One of the greatest challenges in medicine is the provision of new antibiotics in the face of increasing resistance. One solution may prove to be natural product biosynthetic engineering to create unnatural antibiotics, antivirals, and immunosuppressants.
The past two decades have witnessed major advances in our understanding of natural product biosynthesis, including the genetic basis for toxin production by bacteria, algae and fungi. Cyanobacteria (blue-green algae) have drugs encoded within their genomes, some of which are potent toxins and potential therapeutics.
Research in this area has provided evidence of genetic recombination and possible gene transfer in aquatic environments. It is also piecing together the cellular regulators of toxin production, as well as associated transport mechanisms. Importantly, this research is also hinting at the unlimited scale of potential.
Brett's talk outlined how current directions in drug design and sustainable production, extremophile biology, bioprospecting, and ethnopharmacology are being used to discover and produce new drugs.
Thursday 11 May 2017
6.00pm to 7.00pm
The Conservatorium, Newcastle
Cnr Auckland & Laman Streets
Newcastle NSW 2300
Brett Neilan is a molecular biologist and professor of microbial chemistry. Prior to obtaining his PhD in 1995, Brett worked as a medical researcher, hospital scientist and forensic biologist. He then studied as an Alexander von Humboldt Fellow in Berlin and a NASA planetary biology intern at Stanford University.
The main topic of his work is the genetics of toxic bacteria and algae and the research has led to an understanding of the biochemical pathways that are responsible for the production of toxins in water supplies and seafood. The research has been awarded three Eureka Prizes, the Australian Academy of Science Fenner Medal and the NSW Scientist of the year.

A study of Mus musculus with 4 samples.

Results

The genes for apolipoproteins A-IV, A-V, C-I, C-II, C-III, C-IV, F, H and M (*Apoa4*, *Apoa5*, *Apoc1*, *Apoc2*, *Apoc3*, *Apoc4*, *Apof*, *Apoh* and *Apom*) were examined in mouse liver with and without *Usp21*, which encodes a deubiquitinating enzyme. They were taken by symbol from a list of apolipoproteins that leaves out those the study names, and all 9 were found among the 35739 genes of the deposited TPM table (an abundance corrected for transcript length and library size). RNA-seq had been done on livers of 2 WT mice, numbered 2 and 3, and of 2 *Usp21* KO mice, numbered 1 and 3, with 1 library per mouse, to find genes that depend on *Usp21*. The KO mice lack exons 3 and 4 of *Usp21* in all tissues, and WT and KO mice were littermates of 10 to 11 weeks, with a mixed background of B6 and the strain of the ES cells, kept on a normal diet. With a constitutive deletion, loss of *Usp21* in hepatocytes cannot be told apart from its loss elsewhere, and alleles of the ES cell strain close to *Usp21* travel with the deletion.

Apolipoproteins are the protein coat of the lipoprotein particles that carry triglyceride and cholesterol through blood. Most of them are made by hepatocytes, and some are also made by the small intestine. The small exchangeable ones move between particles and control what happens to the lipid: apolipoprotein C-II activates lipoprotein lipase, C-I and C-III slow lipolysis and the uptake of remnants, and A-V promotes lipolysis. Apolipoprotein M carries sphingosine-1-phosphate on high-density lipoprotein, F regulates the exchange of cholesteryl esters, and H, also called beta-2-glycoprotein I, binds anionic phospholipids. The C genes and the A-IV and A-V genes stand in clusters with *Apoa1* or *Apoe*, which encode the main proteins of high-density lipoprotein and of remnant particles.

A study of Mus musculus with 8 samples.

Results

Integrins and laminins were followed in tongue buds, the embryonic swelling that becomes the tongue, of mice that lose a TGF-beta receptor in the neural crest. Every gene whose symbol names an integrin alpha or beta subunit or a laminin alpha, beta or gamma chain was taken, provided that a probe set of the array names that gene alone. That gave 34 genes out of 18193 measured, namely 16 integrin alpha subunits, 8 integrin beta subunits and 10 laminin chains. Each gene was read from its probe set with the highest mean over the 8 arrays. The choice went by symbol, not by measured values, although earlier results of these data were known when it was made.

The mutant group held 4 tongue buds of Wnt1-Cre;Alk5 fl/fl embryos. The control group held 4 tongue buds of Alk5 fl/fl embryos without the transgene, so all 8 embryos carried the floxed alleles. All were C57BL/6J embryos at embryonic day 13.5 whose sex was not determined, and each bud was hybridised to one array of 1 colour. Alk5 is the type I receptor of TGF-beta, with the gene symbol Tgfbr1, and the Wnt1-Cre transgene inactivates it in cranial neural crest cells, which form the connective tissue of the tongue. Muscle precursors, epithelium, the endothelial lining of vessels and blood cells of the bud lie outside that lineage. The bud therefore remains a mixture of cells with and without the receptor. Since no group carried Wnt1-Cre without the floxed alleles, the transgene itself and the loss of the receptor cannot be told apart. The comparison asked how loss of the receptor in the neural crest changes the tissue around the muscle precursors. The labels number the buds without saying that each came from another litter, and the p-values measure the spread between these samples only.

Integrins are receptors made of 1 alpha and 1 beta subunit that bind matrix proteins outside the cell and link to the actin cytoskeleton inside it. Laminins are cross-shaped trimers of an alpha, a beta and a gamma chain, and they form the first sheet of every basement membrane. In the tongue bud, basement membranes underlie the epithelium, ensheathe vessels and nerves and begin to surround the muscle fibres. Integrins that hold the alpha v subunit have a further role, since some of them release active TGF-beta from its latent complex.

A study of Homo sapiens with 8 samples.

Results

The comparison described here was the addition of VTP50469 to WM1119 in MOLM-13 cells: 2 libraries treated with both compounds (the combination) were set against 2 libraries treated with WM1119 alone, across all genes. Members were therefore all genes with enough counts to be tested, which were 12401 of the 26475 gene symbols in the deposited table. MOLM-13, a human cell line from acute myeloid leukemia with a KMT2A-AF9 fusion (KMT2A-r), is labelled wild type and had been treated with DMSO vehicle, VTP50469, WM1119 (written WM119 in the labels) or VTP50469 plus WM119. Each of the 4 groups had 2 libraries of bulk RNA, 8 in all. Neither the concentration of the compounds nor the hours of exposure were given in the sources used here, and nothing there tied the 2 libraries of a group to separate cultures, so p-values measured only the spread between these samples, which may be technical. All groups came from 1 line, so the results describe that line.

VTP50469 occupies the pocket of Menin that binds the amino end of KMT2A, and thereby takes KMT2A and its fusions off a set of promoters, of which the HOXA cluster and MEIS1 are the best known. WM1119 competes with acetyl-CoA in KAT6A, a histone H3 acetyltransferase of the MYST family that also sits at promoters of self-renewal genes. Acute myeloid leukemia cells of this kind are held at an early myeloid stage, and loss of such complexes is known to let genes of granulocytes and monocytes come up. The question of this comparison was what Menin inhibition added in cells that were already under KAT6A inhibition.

Apart from the genetic signatures of life, his work also involves the chemical constituents of fossilised and extant microbial communities, many from Earth’s extreme habitats. The ultimate goal of this work is to understand how the physiologies of microbial life have formed the planet we live on today and how they can be exploited for biotechnology.
As Head of the School of Environmental and Life Sciences at the University of Newcastle, Brett continues his research whilst facilitating the fusion of the diversity of skill sets within the School, “The future of the sciences is in collaboration and interaction,” he says, “We should define ourselves by what we give to society at the end of our investigations.”
The University of Newcastle acknowledges the traditional custodians of the lands within our footprint areas: Awabakal, Darkinjung, Biripai, Worimi, Wonnarua, and Eora Nations. We also pay respect to the wisdom of our Elders past and present.